We almost bought them. It seemed like a great deal, which is reason to be all the more suspicious of it. In short, it gives you access to 60 attractions for one, two, three or six days, including things like Tower of London, Westminster Abbey, a Tower Bridge Experience, Windsor Castle, Globe Theatre, and a Thames River Cruise. The price for the pass goes up naturally with the number of days you plan on using it. It all sounds perfect, right?
Here’s why I didn’t get it. You have to see a whole lot of attractions in order for the pass to save you money. For example, I wanted to see:
Tower of London: 22
Westminster Abbey: 20
Beefeater Gin Distillery Tour: 12
Chislehurst Caves: 6
Jewish Museum: 8
Equalling 68 pounds. In order for the pass to save me any money, I would have to do these things in one day with the one-day London Pass, which costs 52 for an adult, which is frankly insane for the following reasons:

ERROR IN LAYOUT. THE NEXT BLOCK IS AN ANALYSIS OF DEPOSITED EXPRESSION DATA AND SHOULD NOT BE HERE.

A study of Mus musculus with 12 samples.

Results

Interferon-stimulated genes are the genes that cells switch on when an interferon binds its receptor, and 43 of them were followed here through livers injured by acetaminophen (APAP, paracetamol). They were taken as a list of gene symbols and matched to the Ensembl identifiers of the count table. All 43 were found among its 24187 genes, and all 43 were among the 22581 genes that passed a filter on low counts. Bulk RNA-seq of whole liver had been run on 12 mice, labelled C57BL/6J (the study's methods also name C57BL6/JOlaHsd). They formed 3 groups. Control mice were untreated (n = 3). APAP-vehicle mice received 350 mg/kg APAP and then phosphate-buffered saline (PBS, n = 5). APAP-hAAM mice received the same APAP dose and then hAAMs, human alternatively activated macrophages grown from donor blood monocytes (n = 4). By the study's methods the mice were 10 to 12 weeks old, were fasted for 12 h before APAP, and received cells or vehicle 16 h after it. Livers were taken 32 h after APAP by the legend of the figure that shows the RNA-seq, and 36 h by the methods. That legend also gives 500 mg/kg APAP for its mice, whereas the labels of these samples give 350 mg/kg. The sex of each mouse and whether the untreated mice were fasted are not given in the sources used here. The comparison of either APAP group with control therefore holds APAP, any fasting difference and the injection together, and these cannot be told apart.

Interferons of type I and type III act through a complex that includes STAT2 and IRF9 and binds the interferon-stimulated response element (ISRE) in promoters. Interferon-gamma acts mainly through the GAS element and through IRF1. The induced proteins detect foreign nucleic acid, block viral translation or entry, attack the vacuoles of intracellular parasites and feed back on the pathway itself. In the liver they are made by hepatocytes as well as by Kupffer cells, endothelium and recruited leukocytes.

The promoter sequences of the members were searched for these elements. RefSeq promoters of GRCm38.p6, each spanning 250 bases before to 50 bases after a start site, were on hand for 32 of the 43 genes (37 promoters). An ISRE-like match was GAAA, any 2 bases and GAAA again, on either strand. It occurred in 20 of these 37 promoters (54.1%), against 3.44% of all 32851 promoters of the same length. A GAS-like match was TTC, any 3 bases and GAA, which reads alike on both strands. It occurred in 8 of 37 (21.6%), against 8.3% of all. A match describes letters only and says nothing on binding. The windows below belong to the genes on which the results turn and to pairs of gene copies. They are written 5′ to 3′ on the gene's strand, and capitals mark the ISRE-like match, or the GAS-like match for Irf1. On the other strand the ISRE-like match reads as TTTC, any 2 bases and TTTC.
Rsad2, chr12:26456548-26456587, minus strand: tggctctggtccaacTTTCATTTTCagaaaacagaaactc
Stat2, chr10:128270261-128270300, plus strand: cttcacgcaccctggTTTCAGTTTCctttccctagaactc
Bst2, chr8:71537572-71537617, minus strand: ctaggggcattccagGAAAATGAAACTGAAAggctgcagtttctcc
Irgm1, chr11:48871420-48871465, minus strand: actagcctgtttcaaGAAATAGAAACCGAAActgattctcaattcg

- We were at the Tower of London (where the Crown Jewels are) for over three hours and made it through the history of currency and mint exhibition, the White Tower, the Crown Jewels, and the Bloody Tower. There’s no way to see the entire Tower in less than half of a day.
- The Beefeater Gin Distillery is across town and takes another two hours in itself.
We took pictures of Westminster Abbey (not all that interested in the lineage of the royal families) and haven’t made it to the other attractions but the point of this is:
You would have to be hustling through major points of interest to save any money with the pass.
What would you prefer – spend a little more money for a lot more leisure, or save a little money for a lot more stress (and possibly pain?)
BUT, If you insist on purchasing the London Pass, please pick it up from a vendor in London. Buying it online will cost you an additional 10 pounds or more. (We saw rates much cheaper in London in person).
Leave comments with questions. We’re happy to elaborate.